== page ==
RIO RANCHO, N.M. — It’s been hard this spring, at least for baseball fans, not to have Pacific Coast League games being played in Albuquerque at Isotopes Park.
It’s not a “first”: There was no baseball in the Duke City in 1959, and none for two consecutive seasons (2001-02) earlier this century.
It’s been almost 20 years since the Albuquerque Dukes played their last game, and Albuquerque would go two full seasons without pro baseball until a new ballpark was built on the same corner as the Albuquerque Sports Stadium.
The 2003 season marked the debut of the Albuquerque Isotopes, to many Dukes fans’ chagrin, most of them wishing the “new” Pacific Coast League entry had carried on with Dukes.
First- (and only) year Dukes manager Tom Gamboa, succeeding former Dukes player and manager here in 1999 Mike Scioscia, led the team to an 86-58 record, good for first place in the Central Division, but the Dukes lost to PCL champ Memphis in the playoffs, three games to two, before Memphis beat Salt Lake, 3-1.
“He did a heck of a job for what he had,” recalled former Albuquerque Journal Dukes beat writer Dennis Latta. “Everyone knew it was the last year. Front-office people had left, finding jobs with other teams. … It was like baseball in hospice.”
Pro baseball at the northeast corner of University Blvd. and Cesar Chavez Blvd. SE, played there since 1969, became a short-timer, it was learned in March 2000, when owner Robert Lozinak sold the franchise to Marshall Glockman and Mike Higgins in Portland, Ore., for a price estimated to be in the range of $10 million to $12 million.
That was quite a profit for Lozinak, who’d bought the team 21 years earlier for $340,000. After the season, the team was a goner … off to parts west. The franchise rights went to Portland, which also got the Dukes’ moniker, while the team, still held by the Dodgers, headed to Las Vegas and Cashman Field, where it would remain from 2001 to 2008.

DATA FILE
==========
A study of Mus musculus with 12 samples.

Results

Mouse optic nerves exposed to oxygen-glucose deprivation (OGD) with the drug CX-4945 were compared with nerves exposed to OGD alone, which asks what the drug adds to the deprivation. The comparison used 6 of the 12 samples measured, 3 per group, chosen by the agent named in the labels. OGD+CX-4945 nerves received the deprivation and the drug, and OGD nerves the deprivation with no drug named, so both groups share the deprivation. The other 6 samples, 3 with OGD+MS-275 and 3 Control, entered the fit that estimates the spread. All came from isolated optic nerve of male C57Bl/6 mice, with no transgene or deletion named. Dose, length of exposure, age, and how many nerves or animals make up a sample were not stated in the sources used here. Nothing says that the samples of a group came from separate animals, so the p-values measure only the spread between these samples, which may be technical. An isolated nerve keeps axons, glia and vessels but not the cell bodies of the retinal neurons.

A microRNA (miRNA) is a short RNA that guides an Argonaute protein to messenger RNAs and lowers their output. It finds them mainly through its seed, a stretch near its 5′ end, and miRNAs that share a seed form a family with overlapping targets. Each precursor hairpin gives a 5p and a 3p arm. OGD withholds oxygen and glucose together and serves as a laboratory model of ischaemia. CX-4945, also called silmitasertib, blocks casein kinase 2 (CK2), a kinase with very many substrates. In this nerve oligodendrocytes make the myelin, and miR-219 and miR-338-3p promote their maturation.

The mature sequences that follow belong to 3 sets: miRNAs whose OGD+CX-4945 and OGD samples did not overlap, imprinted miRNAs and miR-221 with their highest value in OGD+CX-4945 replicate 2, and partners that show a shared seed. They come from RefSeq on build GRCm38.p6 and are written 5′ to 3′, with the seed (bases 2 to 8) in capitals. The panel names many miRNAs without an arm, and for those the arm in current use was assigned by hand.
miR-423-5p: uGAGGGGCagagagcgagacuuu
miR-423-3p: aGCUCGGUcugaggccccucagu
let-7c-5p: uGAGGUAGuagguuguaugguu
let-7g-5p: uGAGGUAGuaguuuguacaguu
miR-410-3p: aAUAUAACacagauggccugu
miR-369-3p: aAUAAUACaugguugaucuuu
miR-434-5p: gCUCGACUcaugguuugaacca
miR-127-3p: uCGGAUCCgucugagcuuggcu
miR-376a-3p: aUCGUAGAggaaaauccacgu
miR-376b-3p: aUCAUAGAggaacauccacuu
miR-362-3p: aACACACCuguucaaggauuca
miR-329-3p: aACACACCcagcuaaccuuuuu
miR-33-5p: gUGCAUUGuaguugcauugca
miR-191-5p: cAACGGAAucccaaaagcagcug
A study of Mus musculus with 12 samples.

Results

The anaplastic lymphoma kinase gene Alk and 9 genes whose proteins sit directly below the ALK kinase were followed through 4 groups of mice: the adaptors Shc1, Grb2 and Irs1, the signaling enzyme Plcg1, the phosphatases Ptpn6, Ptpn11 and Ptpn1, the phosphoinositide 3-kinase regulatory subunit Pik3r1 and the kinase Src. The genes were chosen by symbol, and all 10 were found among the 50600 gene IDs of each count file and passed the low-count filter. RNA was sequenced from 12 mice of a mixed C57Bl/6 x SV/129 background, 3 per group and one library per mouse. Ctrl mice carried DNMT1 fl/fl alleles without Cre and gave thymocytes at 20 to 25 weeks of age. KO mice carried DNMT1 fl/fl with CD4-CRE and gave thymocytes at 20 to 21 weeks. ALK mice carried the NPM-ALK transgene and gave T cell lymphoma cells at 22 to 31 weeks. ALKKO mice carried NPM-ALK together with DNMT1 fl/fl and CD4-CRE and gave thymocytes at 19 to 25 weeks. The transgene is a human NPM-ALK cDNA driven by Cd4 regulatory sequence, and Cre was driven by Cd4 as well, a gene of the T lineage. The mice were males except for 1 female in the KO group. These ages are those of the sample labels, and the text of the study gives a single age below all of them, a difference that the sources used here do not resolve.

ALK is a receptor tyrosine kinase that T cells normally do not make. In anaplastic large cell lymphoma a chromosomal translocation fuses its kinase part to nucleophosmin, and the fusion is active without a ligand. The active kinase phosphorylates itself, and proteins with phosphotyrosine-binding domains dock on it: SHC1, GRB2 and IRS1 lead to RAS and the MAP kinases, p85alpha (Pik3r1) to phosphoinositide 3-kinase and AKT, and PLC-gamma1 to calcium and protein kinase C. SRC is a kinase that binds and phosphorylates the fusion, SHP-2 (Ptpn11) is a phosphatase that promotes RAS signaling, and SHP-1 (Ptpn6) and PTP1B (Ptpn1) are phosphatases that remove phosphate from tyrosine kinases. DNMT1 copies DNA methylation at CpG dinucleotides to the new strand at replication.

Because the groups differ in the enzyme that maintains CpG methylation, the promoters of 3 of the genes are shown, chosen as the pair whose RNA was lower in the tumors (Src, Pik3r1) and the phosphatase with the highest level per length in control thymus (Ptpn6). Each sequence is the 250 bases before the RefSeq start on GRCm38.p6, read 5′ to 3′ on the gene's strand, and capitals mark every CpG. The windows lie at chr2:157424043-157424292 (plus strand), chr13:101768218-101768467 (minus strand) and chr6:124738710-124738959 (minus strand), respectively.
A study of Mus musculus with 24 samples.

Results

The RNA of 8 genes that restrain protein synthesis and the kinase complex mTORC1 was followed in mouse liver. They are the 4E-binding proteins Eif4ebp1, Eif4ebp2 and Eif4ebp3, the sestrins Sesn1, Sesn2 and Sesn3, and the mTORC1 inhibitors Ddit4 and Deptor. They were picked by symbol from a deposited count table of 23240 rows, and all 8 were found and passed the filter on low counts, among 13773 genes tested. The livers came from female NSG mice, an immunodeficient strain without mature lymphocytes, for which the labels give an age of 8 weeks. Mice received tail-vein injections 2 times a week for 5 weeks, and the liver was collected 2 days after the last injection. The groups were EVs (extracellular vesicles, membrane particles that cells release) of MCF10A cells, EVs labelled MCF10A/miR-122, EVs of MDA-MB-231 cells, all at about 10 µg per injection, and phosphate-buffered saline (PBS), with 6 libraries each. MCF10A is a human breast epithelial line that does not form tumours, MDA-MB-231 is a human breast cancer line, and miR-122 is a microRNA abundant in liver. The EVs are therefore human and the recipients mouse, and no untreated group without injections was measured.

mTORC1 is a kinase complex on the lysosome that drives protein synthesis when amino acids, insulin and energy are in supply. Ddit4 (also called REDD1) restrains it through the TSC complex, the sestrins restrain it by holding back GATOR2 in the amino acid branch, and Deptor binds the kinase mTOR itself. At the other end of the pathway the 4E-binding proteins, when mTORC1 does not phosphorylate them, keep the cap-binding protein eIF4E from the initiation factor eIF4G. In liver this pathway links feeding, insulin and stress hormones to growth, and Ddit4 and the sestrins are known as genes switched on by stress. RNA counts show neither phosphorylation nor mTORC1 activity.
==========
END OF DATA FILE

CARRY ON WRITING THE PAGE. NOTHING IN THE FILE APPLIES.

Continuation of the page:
A few years later, knowing the moniker “Dukes” had no intrinsic value in Oregon, Albuquerque businessman Fred Matteucci bought the rights to the logo for $500, and you don’t have to look hard to find the “conquistador” emblem these days.
The Sports Stadium was demolished, although some concrete was left intact and is part of the new ballpark on the site. And the large concrete baseball that was once at Tingley Field and then moved to this spot when the Sports Stadium was built, is still there. Many fans meet their friends near this landmark, and children love having their photos taken while they’re astride the ball.
Jim Lawwill, starting his 17th season calling Dukes’ games, was joined by newcomer Rick DeReyes, who spent the past three seasons describing the games of the Class A Lancaster JetHawks in the California League. Games were heard on KDEF (1050-AM).
The final regular-season game
Eric Gagne made his seventh start of the season in the regular-season finale, played on Tuesday, Aug. 22, in front of 11,424 fans at Delta Air Lines Fan Appreciation Night. Nashville won the game, 8-5, but the Dukes’ playoff hopes were still alive, with 12 more games, all on the road, remaining.
Paul LoDuca, playing left field, and catcher Geronimo Gil each had three hits in the game for the Dukes. Ironically, perhaps, the Sounds’ starting third baseman for that game was Jason Wood, a future Isotopes “legend.”
Wood started at first base in the next PCL game played on the site in April 2003.
Two more home games remained — the start of the best-of-five playoff series with the Memphis Redbirds. Memphis won the first game at the Sports Stadium, 11-4, played on Sept. 6, 2000. Only 3,608 fans cared enough about the lame-Duke team to come out to that postseason contest.
The next night, Gagne got another “last game” start, a 5-2 Dukes win on Sept. 7, to knot the series at a game apiece. Albuquerque took the first game at Memphis for a two-games-to-one lead, but the Redbirds won the final two games of the series and the Dukes were but a pleasant memory.
By the end of the season, 338,103 fans came out to see the team. In the Dukes’ 29 seasons in the PCL, more than 8.4 million fans had been to games at the Sports Stadium, 1,200 of them victories; and for 14 years in a row, the team had attracted more than 300,000 fans.
In the final season, 52 players wore Dukes uniforms, ranging from Mike Berry and Jorge Nunez, one game apiece, to Chris Ashby, in a team-high 134 games. Outfielder Chris Donnels was the lone Duke at the Triple-A All-Star Game — and the last Duke to earn that honor.
Pitching coach Dean Treanor became the inaugural manager for the Albuquerque Isotopes when they began play in the 2003 season. Ashby and Donnels were on the ’03 Isotopes’ roster.